William Shakespeare wrote ten history plays chronicling English kings from the time of the Magna Carta (King John) to the beginning of England’s first great civil war, the Wars of the Roses (Richard II) to the conclusion of the war and the reuniting of the two factions (Richard III), to the reign of Queen Elizabeth’s father (Henry VIII). Between these plays, even though they were not written in chronological order, is much of the intervening history of England, in the six Henry IV, Henry V, and Henry VI plays.

In writing these plays, Shakespeare had nothing to help him except the standard history books of his day. The art of the historian was not very advanced in this period, and no serious attempt was made to get at the exact truth about a king and his reign. Instead, the general idea was that any nation that opposed England was wrong, and that any Englishman who opposed the winning side in a civil war was wrong also.
Since Shakespeare had no other sources, the slant that appears in the history books of his time also appears in his plays. Joan of Arc opposed the English and was not admired in Shakespeare’s day, so she is portrayed as a comic character who wins her victories through witchcraft. Richard III fought against the first Tudor monarchs and was therefore labeled in the Tudor histories as a vicious usurper, and he duly appears in Shakespeare’s plays as a murdering monster.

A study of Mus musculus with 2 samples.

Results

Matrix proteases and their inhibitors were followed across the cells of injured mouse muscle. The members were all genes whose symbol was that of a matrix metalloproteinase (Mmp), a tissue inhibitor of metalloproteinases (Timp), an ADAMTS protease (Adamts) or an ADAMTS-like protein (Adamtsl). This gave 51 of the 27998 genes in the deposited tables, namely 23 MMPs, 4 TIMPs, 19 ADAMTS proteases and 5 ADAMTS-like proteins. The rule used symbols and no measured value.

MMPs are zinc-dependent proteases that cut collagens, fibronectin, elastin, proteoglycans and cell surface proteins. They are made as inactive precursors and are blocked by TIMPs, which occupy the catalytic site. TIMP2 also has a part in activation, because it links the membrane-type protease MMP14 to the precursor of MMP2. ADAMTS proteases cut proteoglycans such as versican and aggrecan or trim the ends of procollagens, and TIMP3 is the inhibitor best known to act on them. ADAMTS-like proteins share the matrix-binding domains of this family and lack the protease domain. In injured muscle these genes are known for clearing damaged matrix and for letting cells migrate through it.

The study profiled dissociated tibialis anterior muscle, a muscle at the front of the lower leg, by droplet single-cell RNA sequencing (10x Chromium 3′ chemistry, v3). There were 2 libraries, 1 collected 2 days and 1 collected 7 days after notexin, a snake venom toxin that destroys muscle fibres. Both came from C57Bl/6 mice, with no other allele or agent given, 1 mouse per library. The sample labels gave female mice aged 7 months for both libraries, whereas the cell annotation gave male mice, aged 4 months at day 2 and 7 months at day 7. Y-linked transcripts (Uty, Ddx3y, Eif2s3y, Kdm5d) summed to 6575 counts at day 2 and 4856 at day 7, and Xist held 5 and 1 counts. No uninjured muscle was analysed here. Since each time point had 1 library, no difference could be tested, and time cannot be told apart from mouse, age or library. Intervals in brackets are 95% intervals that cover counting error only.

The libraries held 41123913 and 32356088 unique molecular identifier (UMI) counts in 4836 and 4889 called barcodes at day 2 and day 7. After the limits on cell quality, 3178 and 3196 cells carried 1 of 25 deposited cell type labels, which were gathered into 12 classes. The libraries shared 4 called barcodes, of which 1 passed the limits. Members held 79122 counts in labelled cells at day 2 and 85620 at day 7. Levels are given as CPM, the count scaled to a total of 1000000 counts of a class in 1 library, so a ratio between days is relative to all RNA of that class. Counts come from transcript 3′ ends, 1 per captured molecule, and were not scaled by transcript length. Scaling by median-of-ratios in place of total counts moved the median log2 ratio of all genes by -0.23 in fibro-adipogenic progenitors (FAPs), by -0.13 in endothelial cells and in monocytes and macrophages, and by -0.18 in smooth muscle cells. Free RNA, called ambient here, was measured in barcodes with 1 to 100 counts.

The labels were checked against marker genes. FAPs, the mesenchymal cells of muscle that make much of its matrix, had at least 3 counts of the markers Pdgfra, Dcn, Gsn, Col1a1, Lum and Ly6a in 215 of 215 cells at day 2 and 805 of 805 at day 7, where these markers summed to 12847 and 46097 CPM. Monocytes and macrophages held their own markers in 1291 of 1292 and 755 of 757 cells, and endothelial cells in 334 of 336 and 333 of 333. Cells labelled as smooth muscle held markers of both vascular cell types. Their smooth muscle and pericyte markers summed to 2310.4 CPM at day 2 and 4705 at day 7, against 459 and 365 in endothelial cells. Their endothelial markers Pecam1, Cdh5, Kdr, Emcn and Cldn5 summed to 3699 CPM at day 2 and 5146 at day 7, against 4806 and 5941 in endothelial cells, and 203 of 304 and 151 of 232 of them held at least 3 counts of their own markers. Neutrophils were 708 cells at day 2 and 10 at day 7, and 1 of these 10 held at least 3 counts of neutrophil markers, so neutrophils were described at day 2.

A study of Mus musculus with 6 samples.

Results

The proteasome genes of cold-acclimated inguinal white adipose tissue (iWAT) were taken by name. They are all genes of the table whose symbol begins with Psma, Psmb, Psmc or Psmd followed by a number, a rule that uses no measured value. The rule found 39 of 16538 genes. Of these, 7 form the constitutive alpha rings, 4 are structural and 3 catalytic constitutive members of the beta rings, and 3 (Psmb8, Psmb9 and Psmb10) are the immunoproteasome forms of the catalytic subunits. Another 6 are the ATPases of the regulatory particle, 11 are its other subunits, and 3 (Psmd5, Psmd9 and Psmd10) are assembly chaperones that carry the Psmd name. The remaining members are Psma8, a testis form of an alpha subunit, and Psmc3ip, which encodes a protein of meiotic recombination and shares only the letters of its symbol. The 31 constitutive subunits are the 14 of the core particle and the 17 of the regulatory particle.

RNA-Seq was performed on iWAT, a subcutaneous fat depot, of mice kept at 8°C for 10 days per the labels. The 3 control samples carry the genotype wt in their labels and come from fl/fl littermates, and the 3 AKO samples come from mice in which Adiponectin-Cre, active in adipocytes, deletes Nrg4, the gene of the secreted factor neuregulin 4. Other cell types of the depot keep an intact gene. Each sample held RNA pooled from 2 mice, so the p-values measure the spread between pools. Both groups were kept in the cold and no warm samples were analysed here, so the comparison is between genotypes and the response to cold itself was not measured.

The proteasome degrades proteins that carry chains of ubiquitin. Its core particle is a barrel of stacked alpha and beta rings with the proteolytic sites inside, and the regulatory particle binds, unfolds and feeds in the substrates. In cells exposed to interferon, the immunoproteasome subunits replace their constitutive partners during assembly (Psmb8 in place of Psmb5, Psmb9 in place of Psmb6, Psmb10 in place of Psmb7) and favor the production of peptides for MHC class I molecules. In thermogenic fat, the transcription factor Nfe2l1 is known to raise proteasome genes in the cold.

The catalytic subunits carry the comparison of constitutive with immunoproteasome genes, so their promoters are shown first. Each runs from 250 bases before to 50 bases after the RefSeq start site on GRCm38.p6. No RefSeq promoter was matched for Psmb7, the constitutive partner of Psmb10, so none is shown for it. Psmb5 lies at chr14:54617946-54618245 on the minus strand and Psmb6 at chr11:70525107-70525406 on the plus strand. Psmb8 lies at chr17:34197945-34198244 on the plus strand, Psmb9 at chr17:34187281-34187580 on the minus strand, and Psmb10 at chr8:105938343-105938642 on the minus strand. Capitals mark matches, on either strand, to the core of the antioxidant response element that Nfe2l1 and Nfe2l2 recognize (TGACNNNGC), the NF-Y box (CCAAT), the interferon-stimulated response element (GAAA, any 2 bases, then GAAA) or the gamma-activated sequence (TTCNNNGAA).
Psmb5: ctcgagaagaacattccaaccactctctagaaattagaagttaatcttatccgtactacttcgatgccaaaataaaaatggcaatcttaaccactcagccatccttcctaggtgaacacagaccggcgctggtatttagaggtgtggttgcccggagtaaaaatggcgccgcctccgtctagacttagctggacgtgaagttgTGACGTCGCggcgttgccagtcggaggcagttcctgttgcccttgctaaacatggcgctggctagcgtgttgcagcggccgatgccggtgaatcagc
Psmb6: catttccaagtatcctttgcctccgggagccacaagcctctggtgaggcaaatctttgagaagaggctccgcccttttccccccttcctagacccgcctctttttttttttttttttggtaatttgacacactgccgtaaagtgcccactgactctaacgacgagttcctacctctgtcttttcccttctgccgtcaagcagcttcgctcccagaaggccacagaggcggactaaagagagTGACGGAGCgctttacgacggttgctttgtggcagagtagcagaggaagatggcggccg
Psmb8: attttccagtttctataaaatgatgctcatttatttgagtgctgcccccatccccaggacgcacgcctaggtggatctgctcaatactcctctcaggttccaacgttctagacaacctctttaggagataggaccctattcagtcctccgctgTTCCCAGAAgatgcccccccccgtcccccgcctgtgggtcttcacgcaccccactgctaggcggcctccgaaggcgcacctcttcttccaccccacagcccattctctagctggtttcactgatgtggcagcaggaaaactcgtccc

Shakespeare wrote nine of his history plays under Queen Elizabeth. She did not encourage historical truthfulness, but rather a patriotism, an exultant, intense conviction that England was the best of all possible countries and the home of the most favored of mortals. And this patriotism breathes through all the history plays and binds them together. England’s enemy is not so much any individual king as the threat of civil war, and the history plays come to a triumphant conclusion when the threat of civil war is finally averted, and the great queen, Elizabeth, is born.

Shakespeare was a playwright, not a historian, and, even when his sources were correct, he would sometimes juggle his information for the sake of effective stagecraft. He was not interested in historical accuracy; he was interested in swiftly moving action and in people. Shakespeare’s bloody and supurb king seems more convincing than the real Richard III, merely because Shakespeare wrote so effectively about him. Shakespeare moved in a different world from that of the historical, a world of creation rather than of recorded fact, and it is in this world that he is so supreme a master.